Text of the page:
When Peter Langer ’68 (CLAS) began his freshman year at UConn in the fall of 1964, he was pleasantly surprised to be selected as a member of the University’s first class of honors students. He describes the Honors Program as a new experiment for UConn—one that changed his life.
“UConn, and especially the Honors Program, was the perfect place for me, and my four years there comprised the most explosive, amazing, and mind-opening experience of my life,” Langer says. “When I look at the things I most enjoy doing—art, music, theater, engagement in civic activities—those are all things that were fostered and nurtured and developed at UConn. They have stayed with me and enriched my whole life.”
After graduation and a stint in the Peace Corps, Langer earned his Ph.D. in sociology from the University of Chicago, then taught at the University of Michigan and Boston University. In 1986 he moved to UMass Boston, where he would spend the rest of his career.
In 1998, Langer met Lynne Goodstein when they were introduced by friends. Their connection was immediate, and they were married in 2000.
“We had a love story and a marriage for the ages,” Langer says.
In 2002 Langer and Goodstein’s connection grew to also include UConn when Goodstein joined the University as director of the Honors Program—the same program Langer had participated in 40 years earlier.
“Lynne had previously worked at Penn State and was in love with the big state research institutions,” Langer says. “She thought UConn would be a place she would love, too, and she was fascinated by working in the Honors Program.”
It was, indeed, a good fit, and the Honors Program transformed under Goodstein’s leadership. The program—which has grown from 50 students in its first year to more than 2,000 students today—now includes enrichment programs, internships, study abroad opportunities, and summer programs.
“Lynne was always interested in the students’ classroom experience being enhanced by working with the faculty in their labs, or by going on a research trip abroad,” Langer says. “She loved her students, who called her Dr. G, and was so happy to help them flourish.”
Their shared Honors Program connection was also a source of amusement for Goodstein.
“Lynne would introduce me as her husband who was a member of the first class of honors students, and her students would look at me like, ‘how old is this guy?’” Langer laughs. “It became a running joke for her.”
Goodstein served as director until 2012, when she returned to the faculty as a professor of sociology. She kept a full teaching load until 2018, when she and Langer both retired. It was shortly after retirement that Goodstein received a devastating diagnosis.
“We had been together for 20 years, had just retired, and were looking forward to spending the next 20-plus years living life to the fullest,” Langer says. “Out of the blue, Lynne—who had never been sick a day in her life and was very active—was diagnosed with an incredibly rare neurological disease.”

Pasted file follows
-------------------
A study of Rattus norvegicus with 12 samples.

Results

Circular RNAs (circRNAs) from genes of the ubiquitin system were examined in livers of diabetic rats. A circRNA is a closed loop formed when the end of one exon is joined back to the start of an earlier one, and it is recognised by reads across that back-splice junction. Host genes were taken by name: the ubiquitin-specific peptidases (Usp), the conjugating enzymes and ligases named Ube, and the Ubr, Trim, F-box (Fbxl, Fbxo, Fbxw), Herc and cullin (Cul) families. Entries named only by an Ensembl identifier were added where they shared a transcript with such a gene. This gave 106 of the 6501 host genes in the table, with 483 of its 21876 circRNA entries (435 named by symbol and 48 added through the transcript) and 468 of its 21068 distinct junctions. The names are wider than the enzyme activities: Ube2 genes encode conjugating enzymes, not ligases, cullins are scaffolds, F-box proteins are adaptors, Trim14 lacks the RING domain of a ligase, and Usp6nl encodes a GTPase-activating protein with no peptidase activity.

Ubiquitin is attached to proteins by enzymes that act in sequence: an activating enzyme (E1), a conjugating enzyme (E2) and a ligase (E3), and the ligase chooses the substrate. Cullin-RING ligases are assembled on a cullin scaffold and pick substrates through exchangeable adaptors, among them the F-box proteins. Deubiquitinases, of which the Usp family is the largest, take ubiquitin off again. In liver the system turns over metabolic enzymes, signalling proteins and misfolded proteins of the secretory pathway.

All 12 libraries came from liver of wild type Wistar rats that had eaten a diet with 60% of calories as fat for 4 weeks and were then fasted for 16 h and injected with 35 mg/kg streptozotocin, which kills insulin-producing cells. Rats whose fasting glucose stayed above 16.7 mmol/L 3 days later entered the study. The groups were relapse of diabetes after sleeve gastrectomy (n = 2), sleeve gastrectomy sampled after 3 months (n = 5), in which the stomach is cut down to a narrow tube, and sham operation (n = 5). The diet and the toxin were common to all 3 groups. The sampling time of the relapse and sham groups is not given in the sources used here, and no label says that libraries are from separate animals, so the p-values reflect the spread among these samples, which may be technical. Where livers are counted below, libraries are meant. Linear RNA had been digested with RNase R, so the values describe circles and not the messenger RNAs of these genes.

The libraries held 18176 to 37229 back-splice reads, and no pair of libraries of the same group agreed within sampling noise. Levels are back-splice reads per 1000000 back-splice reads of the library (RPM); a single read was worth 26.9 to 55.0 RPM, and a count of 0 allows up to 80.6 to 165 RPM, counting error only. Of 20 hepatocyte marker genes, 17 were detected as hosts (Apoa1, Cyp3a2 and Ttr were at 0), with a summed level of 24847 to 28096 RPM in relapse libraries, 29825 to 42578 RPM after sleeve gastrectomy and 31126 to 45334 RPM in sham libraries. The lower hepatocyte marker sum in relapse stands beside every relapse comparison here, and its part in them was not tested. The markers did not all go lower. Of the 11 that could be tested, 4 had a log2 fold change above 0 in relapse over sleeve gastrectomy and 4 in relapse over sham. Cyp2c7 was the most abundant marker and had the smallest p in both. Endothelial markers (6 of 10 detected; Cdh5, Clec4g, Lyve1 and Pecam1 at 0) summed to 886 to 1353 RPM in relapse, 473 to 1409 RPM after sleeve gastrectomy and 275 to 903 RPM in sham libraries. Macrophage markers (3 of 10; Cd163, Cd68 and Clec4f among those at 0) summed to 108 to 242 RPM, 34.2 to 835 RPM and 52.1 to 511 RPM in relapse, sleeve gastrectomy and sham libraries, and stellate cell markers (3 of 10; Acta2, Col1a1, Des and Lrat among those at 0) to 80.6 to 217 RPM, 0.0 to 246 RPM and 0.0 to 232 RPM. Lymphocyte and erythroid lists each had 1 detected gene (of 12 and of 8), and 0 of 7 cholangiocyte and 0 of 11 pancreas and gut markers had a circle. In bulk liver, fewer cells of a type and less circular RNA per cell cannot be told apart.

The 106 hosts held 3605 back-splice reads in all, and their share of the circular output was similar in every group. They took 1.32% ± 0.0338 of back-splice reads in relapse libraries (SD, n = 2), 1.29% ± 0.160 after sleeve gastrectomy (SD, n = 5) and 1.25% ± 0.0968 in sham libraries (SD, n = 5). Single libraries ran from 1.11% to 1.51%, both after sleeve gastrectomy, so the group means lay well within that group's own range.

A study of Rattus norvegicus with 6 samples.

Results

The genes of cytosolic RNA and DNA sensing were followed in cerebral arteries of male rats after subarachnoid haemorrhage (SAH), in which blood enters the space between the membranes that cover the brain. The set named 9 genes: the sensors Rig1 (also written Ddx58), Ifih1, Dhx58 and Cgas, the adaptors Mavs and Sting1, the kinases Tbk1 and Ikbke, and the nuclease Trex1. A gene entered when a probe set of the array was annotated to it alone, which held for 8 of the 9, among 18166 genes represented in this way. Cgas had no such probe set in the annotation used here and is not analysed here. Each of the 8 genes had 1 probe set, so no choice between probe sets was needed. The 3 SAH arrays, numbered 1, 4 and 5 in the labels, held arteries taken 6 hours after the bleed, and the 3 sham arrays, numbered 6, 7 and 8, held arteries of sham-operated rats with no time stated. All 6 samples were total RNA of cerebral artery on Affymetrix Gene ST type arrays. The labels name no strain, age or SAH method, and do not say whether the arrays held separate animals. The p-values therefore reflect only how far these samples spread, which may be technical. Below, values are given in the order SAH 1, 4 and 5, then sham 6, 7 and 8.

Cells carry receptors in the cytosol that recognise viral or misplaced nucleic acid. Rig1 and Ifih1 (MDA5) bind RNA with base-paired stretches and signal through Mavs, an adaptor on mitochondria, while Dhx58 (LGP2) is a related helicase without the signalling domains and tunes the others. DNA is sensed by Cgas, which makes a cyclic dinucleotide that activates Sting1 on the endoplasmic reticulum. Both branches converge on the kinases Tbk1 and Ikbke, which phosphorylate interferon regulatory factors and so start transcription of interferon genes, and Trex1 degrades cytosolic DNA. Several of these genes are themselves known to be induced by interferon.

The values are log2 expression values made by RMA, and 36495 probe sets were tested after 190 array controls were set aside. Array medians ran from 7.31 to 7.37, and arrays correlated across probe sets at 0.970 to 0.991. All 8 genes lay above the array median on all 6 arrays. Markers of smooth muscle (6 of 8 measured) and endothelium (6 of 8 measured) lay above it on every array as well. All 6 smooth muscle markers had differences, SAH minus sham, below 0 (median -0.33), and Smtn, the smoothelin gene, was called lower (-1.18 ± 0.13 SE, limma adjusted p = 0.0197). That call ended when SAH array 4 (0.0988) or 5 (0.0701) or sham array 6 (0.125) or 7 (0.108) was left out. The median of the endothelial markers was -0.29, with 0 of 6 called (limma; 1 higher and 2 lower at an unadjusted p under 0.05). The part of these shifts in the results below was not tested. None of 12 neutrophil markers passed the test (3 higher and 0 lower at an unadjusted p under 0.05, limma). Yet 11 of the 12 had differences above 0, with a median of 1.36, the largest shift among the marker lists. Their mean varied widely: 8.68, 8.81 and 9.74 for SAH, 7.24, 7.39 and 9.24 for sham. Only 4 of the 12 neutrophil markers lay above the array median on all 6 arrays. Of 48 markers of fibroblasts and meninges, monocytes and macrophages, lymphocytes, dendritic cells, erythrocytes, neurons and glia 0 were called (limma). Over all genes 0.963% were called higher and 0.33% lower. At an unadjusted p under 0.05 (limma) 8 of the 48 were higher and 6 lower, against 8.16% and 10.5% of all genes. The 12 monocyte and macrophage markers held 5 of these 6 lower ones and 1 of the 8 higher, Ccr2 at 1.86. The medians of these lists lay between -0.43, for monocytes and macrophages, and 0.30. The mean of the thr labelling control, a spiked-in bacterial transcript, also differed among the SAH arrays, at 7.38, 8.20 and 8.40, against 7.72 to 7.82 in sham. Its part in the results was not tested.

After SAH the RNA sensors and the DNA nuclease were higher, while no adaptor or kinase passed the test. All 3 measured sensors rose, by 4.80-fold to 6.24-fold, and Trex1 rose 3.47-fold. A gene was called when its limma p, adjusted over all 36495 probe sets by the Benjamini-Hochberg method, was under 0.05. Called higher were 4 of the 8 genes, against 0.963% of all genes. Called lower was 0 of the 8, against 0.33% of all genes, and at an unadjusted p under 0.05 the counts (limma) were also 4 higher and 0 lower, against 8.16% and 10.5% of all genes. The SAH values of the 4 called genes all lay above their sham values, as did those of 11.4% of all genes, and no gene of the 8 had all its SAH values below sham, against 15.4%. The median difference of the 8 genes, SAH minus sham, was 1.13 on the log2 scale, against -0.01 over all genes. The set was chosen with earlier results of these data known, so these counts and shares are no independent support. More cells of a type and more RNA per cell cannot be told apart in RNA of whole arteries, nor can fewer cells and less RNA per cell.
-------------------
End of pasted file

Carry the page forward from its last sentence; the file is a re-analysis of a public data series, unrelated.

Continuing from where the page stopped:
Goodstein passed away a short time later, and Langer knew he needed to find a way to honor her memory.
“I thought, ‘How am I going to honor Lynne’s memory and keep her name, her spirit, and her love alive in the world?’” he says. “I realized I had the ability to endow something at UConn so that the work that meant so much to Lynne could continue in her name.”
Langer established the Dr. Lynne Goodstein and Dr. Peter Langer Award, which provides scholarship support for students enrolled in the Honors Program as well as faculty support through the Goodstein/Langer Award for Honors Advising.
“Lynne saw that students with modest means often could not take advantage of the great opportunities available because they couldn’t afford to take a semester abroad, or spend the summer working on research, because they had to work,” Langer says. “By providing an enrichment award, I can help a student who otherwise would not be able to benefit from these opportunities.”
“Peter’s generosity fills a need to provide global experiential learning opportunities for honors students, with a particular emphasis on supporting travel and study abroad for first-generation students and students from diverse backgrounds,” says Jennifer Lease Butts, assistant vice provost for Enrichment Programs and director of the Honors Program. “I find it inspiring that Peter and Lynne’s love story included this shared UConn connection. Peter’s pride in Lynne’s leadership, which propelled UConn Honors into its current success, is palpable. I am grateful that future generations of UConn Honors students will benefit from their shared love for UConn and each other.”
Through this award, Langer has ensured that Goodstein’s legacy at UConn will live on.
“Lynne was wonderful and is so missed by me, our family, and all of her colleagues who knew her,” Langer says. “It means a lot to me to be able to do this, to follow her legacy of helping students with modest means take advantage of all the riches UConn and its faculty have to offer. Her love and life live on.”